The Brain That Wouldn’t Die (1962)

*. Yes, it’s a terrible movie. But though cheap in an awkward way (dig that car crash!), and with some really clumsy editing throughout, it’s nevertheless full of those bizarre touches that elevate it to great bad movie status.
*. Take the script. Were the 1960s the last decade of really literate screenwriting? Of course there are still great screenwriters doing wonderful work, but do today’s Grade Z crapfests have lines like this: “No, my deformed friend, like all quantities, horror has it’s ultimate. And I am that.”
*. On the subject of great bad movies, this one got a nomination in the Medveds’s Golden Turkey Awards as one of the “Most Brainless Brain Movies of All Time.” The synopsis, however, is faulty to the point of giving the impression that neither of the authors had actually seen the movie. For example, the car accident is said to occur “during one romantic, moonlit romp to a local cemetery.” In fact the accident occurs in broad daylight, and they are on the way to Dr. Cortner’s magnificent country house. Then later, Dr. Cortner’s assistant Kurt is described as Jan’s “brother.” Where did that come from?
*. Virginia Leith as “Jan in the Pan” (as she’s been dubbed) is actually pretty good in a limited role. And I like how she seems to need no time at all to adjust to being a disembodied head. As soon as she regains consciousness she is plotting her revenge.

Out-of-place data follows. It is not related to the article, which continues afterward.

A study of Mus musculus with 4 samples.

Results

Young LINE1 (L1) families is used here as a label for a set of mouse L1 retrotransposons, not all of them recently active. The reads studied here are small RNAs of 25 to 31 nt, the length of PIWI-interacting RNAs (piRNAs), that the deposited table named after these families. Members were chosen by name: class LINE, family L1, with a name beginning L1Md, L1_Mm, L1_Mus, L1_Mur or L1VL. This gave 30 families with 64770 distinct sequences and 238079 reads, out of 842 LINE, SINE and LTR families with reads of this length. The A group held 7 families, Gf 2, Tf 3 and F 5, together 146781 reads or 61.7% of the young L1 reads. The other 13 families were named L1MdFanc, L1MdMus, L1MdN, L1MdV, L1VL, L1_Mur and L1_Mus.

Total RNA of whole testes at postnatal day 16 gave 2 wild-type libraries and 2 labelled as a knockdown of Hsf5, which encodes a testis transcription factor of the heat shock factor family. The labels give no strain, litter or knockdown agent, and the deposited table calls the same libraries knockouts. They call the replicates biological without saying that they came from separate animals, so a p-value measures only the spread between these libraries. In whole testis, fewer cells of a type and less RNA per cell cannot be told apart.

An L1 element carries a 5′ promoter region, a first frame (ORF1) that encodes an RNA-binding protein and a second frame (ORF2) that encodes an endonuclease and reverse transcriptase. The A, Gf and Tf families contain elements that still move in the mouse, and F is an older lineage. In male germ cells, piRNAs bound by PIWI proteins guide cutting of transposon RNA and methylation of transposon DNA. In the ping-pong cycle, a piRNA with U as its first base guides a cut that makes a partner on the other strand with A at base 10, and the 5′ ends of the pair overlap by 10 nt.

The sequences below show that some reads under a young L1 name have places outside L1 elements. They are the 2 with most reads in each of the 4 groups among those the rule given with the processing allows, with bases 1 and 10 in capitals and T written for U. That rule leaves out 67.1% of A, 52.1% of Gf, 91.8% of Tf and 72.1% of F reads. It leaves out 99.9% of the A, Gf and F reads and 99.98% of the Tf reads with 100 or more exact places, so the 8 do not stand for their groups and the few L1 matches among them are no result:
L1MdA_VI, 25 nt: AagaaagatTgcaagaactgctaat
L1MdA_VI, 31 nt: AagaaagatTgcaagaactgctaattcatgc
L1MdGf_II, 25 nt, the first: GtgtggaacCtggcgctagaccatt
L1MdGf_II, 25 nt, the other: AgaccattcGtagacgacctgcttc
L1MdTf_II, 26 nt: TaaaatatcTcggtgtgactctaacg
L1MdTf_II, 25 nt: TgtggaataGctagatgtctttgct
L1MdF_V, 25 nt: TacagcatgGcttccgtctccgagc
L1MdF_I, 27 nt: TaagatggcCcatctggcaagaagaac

*. Despite this, the confrontation between Jan and Doctor Bill is much delayed. They only see each other for the first time after the accident with less than ten minutes left in the movie. And then when they do come face to face they initially have nothing at all to say to each other.
*. I don’t think their relationship was going anywhere, and it’s hard to understand why Bill wants to revive it except to prove that he can do it.
*. “It’s getting awfully warm in here,” the “model” says as she takes off her jacket and gloves in a seated striptease, just before the doctor drugs her. Obviously there’s something exploitative here, even if you’re not watching the “European” cut of the film with the semi-nude modeling sequence. I think having a catfight between strippers gives the game away.
*. Probably the most disturbing aspect of the movie is Doctor Bill’s leering hunt for the perfect body. There is something of the psycho-stalker in these scenes.  Bad enough that he performs such monstrous experiments in his basement, but to be a lech as well seems overkill. Science and sexuality are a dangerous mix . . . or are they in some creepy way complementary?